Stanford Levinson’s Framed: America’s 51 Constitutions mentions the issue that the US constitution doesn’t actually give the vice president a job, aside from the tie-breaking vote in the Senate (which super-majority rules have made all the more pointless). This has led Dick Cheney to argue that the VP is, technically, more like a member of the Legislative branch than the Executive branch. Also, it’s an appointed position, effectively. Yes, we vote for a president+vice-presidential ticket, but we can safely say that no one casts their vote primarily because they believe the VP candidate will be the best man for that job, while being less certain about the presidential candidate.
That raises the further issue that if the president dies, the people are stuck with what amounts to a political appointee for president rather than someone the people actually endorse. Furthermore, in The Federalist papers, Madison predicted (at a time when the VP position went to the runner-up in the presidential election) that if the VP post were an appointed one it would tend to go to to someone that scores political points rather than someone that is simply deemed highly qualified for chief executive. He was right. Since the constitution was amended to make the VP a choice of the president rather than a likely adversary, the VP job has gone to people that are seen to “round out” the president’s weaknesses in this or that faction’s view: a northerner picks a southerner, a former governor picks a member of congress, etc.
Is this the best we can do?
No. We can do a lot better. I suggest the simple revision of doing what many states do with their Lieutenant Governor positions: make the VP a separately elected position. It will tend to go to someone the presidential candidate will still get along with, but it will be more likely to also be someone the electorate endorses as a viable replacement.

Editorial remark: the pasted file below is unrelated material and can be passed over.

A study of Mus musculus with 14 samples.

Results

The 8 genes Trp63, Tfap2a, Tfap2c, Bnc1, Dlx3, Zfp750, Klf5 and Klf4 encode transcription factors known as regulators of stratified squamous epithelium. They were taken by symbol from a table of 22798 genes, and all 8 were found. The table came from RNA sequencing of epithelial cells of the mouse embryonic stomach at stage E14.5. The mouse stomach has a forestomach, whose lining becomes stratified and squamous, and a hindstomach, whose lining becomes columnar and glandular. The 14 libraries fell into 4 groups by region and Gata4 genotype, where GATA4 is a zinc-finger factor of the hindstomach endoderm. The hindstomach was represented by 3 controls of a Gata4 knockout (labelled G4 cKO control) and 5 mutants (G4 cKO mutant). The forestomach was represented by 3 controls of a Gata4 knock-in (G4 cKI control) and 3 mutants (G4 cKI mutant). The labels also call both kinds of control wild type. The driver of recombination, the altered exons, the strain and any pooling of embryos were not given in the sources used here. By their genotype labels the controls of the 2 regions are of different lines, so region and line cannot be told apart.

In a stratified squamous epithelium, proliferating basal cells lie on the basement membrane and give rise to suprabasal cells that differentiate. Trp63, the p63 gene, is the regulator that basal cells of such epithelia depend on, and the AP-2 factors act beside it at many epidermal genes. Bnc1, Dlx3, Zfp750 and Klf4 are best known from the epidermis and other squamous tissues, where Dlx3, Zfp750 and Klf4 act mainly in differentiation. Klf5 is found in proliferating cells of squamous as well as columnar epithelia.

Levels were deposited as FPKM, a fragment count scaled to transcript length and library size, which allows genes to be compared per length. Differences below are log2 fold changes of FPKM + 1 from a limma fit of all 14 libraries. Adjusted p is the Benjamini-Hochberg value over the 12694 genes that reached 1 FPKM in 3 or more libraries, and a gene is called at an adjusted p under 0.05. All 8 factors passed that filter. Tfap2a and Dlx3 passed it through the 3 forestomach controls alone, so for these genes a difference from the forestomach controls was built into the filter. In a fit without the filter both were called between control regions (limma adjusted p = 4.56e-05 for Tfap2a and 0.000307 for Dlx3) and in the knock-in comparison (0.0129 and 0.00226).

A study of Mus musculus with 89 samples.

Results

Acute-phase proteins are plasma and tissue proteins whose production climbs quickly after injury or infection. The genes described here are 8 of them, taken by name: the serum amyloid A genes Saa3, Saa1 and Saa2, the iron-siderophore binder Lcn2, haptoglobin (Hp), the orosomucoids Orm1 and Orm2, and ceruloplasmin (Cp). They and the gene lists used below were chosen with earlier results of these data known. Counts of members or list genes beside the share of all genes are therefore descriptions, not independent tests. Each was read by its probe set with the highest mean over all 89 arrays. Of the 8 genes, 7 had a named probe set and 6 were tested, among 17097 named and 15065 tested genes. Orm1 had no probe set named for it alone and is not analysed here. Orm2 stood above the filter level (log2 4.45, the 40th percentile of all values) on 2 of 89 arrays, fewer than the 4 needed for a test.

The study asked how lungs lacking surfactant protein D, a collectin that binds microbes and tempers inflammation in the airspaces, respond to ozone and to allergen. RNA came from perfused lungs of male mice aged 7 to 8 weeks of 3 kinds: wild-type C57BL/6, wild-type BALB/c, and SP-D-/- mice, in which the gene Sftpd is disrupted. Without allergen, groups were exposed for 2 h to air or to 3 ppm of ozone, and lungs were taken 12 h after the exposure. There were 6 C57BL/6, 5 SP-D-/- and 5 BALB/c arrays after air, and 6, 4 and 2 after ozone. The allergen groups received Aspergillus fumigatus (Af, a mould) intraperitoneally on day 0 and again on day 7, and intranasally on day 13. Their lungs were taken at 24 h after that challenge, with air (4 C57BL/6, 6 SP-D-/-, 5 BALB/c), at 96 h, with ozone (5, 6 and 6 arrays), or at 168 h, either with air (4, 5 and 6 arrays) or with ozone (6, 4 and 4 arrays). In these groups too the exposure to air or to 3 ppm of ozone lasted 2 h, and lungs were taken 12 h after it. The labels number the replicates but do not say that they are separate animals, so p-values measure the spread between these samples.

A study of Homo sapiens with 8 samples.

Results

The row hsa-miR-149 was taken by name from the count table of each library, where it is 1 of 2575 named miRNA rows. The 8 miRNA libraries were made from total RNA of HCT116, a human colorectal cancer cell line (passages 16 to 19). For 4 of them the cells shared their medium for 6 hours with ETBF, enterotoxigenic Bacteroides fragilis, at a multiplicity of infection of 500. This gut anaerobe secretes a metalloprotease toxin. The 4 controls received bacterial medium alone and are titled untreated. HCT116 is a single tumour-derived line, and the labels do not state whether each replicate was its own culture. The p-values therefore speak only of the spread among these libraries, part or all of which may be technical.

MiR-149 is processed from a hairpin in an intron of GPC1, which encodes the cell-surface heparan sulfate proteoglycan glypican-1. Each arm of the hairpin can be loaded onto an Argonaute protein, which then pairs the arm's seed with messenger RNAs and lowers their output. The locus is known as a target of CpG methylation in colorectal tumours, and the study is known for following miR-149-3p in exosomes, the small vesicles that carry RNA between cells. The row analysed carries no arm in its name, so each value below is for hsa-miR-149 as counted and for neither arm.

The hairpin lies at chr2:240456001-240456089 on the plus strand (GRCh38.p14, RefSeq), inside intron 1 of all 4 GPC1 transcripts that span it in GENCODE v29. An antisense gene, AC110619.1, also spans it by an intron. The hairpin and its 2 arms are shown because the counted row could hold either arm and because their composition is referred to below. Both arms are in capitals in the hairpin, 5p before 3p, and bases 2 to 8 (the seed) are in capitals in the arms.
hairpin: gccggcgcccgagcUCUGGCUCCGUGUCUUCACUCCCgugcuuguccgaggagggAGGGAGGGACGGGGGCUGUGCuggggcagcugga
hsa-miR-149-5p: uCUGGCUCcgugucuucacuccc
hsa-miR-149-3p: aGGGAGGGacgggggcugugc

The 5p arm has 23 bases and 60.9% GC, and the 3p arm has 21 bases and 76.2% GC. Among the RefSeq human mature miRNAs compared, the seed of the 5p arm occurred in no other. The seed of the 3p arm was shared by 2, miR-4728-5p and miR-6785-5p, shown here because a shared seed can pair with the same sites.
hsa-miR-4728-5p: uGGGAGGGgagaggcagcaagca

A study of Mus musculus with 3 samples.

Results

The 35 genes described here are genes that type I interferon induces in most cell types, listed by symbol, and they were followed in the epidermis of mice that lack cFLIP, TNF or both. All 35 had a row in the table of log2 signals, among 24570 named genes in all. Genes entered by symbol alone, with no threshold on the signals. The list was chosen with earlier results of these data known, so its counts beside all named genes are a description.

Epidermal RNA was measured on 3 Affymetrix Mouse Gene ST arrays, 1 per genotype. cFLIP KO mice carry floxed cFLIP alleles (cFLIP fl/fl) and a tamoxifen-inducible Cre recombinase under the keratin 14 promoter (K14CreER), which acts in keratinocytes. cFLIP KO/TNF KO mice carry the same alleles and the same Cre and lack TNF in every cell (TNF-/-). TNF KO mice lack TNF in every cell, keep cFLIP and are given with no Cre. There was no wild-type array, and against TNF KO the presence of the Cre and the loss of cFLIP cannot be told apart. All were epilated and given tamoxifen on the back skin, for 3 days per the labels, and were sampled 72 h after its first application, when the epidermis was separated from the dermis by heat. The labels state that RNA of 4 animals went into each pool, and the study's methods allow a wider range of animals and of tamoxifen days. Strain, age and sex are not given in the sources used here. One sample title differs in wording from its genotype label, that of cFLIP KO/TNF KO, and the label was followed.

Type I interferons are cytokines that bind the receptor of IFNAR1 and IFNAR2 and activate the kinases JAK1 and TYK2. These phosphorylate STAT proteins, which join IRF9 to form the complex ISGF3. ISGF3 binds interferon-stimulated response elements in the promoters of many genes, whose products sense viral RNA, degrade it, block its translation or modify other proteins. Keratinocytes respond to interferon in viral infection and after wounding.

And while we’re at it, give the VP a real job. Since most people like the idea of Line-Item Veto, and since the US Supreme Court ruled it unconstitutional on a balance-of-powers basis, and since Dick Cheney thinks the VP is functionally a member of the legislative branch, and since the real purpose of a line-item veto is to clean up the junk in bills that benefits individual legislators, districts, or states and so requires a certain kind of independence from the actual legislators as well as the decisiveness of a singular executive… Let the VP be the person that does line-item vetoes. The VP more or less independently decides what line/items to veto or edit an amount (within reason: say, +/- 50% of dollar values), and passes it to the president. The president can sign the result or negotiate for changes in the line-item vetoes from the VP, including asking the VP to make additional line-item vetoes. If they come to an agreement, the president signs. If not, the president vetoes the whole thing. If Congress doesn’t like either result, they can opt to do a veto override with the usual 2/3rds majority requirement, or draft a revised bill that addresses the concerns of the VP and/or president.
This solution addresses the concerns of all camps. It isn’t perfect, and an ornery VP will certainly be in a position for mischief, but both the President and the Congress (and, eventually, the Judiciary) are in a position to check that mischief. A noble VP, however, can use the office to clean up the embedded self-interest our legislators have continually shown to be beyond their power to constrain. In effect, the VP office can be transformed into a kind of legislative Comptroller – and we could probably think of other duties for the VP office to take on as well that would enhance that charge. It’s a nice idea and seems to push us a little further in the way of functional improvements to our broken system of governance. It’s not the only change we need to make, but it’s just one in a series to refine what The Framers produced: which, after all, is what they really intended us to do in the first place.